The Development Bank of Japan (DBJ) is now looking at potential real estate investment opportunities in Europe after years of investing in the US market, according to Hayato Tsuji, real estate director at the Japanese financial institution.
“The market cycle differs from region to region. Since returns from US investments are declining as compared to previous years, it has become more reasonable to make investments in the UK and elsewhere in Europe now,” Tsuji said at PERE’s annual real estate conference held in Tokyo last week.
Speaking about DBJ’s global alternatives push, he said that the group started making overseas investments in 2012. On the back of the introduction of negative interest rates in Japan early last year, DBJ is now planning to increase its allocation to overseas real estate.
Tsuji told PERE that DBJ plans to eventually allocate 20 percent of its overall assets under management to overseas real estate, double from the current allocation of 10 percent.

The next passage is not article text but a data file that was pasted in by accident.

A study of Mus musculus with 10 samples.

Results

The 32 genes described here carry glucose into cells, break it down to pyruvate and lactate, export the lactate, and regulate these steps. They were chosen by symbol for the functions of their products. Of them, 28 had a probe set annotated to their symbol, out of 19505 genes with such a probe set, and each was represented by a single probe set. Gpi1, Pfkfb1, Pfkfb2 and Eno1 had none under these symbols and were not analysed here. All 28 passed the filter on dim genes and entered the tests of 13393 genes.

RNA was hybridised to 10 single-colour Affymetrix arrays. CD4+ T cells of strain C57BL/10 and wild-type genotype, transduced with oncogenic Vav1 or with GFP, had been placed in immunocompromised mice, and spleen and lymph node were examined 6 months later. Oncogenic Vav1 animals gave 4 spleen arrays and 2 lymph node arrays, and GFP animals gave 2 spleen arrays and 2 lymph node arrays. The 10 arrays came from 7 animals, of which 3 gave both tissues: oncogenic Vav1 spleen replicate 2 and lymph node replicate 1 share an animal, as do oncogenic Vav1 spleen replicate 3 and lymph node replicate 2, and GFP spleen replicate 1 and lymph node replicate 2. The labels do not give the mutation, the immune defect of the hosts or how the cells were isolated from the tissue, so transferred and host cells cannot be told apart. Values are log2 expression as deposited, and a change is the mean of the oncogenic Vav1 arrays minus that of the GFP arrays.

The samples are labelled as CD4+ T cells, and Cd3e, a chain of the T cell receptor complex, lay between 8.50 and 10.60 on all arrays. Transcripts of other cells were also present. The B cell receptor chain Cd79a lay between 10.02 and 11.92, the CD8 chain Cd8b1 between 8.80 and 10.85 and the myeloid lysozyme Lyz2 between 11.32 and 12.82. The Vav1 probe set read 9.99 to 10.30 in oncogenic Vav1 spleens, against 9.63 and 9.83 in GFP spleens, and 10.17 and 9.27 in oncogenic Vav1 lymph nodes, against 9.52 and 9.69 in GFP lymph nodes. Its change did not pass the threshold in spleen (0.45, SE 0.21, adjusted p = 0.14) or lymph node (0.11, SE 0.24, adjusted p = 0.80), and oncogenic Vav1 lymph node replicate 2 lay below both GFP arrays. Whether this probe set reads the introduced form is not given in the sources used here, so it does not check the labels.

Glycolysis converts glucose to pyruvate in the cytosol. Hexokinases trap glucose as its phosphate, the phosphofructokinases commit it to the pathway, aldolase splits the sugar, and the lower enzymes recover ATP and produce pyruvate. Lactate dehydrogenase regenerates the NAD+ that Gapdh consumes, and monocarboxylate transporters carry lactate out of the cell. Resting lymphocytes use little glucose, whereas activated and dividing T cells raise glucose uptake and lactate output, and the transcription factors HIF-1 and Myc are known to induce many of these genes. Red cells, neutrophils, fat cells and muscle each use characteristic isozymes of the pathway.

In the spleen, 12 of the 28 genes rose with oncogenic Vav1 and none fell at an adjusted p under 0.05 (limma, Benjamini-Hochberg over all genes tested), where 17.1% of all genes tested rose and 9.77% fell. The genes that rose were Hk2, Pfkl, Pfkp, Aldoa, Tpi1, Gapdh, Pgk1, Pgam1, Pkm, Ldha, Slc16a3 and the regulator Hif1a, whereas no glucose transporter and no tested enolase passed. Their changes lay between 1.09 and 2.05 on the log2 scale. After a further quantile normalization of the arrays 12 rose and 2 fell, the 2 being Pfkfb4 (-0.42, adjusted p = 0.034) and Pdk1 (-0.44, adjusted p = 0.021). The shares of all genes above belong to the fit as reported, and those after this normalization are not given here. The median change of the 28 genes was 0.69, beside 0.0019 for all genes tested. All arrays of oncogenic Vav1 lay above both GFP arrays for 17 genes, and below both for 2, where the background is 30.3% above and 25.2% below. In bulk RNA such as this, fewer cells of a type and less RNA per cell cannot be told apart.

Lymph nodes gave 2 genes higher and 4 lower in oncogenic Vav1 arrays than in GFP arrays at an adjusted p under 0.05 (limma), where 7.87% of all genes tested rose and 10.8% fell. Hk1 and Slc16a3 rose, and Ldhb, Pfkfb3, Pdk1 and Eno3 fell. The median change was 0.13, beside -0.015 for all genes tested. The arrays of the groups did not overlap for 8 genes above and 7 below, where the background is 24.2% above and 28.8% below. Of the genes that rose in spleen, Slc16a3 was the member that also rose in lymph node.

In terms of investment strategy, he said DBJ would also look to invest in direct real estate, a departure from its current strategy.
DBJ is among a growing number of Japanese institutional investors looking to increase their overseas real estate exposure. However, for those who want to invest indirectly via funds, the long queues for committing capital into global open-ended core vehicles are a key entry barrier, according to some panelists who spoke at the conference.
“DBJ has mainly invested via commingled funds. But our ultimate goal is to go into direct real estate, and that is being discussed internally,” said Tsuji (translated from Japanese). “Many sovereign wealth funds and pension funds do club deals – we would like to go in there even though we are latecomers…”
DBJ declined to disclose its total assets under management. According to PERE data however, DBJ’s total AUM was approximately JPY 16.57 trillion ($148 billion; 125 billion), as of July this year.